Banes of an interpreter’s existence

  1. Songs. Oh, wow, songs. Because they’re art, you have to listen for a while before you truly grasp the meaning, and by the time you do, it’s often gone too far to really catch up… Worse, there are terms used in songs (especially Dancehall culture, I find) that we ‘get’ in Patwa, but figuring out how to interpret… hard. You might wonder how this could be hard for a sign language interpreter; you see people sign songs at church, or at events all the time. Those are usually, to be honest, not fully intelligible, as they cut out many words to make it match with the song. And, of course, it’s usually done in (some attempt at) Signed English, and I’m a JSL interpreter; two different languages.
    DO: Let the interpreter know if you have songs at your event, and, if possible, share the lyrics!
  2. People talking/signing over each other. This can be overwhelming, especially for a new interpreter. It happens a lot in meetings. We have to decide how to summarise the info, deciding what’s relevant, and still capture the non-verbal information being passed around, as much as possible… Wow.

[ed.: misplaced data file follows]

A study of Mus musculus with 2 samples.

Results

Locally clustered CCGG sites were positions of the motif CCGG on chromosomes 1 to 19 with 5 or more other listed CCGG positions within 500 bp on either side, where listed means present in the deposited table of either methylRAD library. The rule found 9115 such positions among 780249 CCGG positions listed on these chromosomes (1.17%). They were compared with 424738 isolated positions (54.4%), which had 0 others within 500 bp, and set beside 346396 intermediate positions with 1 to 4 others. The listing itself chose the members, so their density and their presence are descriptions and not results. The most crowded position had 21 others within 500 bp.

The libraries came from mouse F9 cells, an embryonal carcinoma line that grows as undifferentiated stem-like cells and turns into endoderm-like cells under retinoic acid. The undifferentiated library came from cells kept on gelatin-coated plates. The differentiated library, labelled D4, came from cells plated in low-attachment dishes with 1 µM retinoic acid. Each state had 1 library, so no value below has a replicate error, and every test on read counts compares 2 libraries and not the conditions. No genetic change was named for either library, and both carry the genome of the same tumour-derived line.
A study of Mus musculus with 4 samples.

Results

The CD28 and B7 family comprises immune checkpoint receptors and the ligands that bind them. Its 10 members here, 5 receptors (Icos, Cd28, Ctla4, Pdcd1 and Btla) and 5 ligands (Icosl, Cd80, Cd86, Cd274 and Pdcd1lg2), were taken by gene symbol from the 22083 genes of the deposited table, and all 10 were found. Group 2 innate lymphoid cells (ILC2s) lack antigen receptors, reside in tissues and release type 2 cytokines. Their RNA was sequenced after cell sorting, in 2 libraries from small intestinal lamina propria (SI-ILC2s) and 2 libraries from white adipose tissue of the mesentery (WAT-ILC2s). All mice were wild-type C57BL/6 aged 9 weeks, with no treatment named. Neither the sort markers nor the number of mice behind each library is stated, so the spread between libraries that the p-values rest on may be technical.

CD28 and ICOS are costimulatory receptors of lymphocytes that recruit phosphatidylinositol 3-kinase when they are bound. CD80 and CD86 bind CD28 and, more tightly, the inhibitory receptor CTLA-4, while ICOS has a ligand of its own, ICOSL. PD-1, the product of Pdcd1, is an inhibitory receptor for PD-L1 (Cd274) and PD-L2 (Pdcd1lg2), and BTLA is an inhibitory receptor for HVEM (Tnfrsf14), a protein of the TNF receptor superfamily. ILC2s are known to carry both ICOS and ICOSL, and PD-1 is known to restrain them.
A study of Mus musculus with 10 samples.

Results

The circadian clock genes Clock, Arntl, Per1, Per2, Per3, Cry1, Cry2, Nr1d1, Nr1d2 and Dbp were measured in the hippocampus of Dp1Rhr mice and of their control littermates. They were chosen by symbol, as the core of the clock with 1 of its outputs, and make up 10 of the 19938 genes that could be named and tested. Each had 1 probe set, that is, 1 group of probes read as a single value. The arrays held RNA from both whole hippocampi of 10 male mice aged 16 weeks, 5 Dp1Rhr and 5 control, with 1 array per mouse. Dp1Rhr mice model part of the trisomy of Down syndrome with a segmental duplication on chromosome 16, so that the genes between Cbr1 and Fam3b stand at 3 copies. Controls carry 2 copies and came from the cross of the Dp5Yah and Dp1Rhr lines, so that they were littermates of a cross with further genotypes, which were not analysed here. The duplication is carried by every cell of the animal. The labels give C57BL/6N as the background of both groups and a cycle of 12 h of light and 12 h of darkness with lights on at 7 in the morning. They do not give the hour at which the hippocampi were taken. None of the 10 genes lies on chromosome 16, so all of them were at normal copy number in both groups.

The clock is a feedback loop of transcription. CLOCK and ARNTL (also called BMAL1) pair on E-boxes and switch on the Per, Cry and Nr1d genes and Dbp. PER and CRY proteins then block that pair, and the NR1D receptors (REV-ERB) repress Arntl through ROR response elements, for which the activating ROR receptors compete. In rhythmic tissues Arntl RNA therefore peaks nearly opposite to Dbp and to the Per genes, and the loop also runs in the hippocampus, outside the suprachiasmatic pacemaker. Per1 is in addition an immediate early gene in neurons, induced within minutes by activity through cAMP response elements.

3. People talking to us rather than our clients. This is more annoying than anything else. This is why it is professionally advised for an interpreter to get to an assignment early to discuss the process with the parties involved, and (if possible) give a hard- or soft-copy explanation of how to use an interpreter.
    DO: Face the person, not the interpreter. Say, “you”, “your”, etc. Speak to them, not to us.
    DON’T: Say “tell him”, “tell her”; we interpreters are to function like living telephones, in a way.

I love interpreting so far! Can’t wait to get more experience and skill!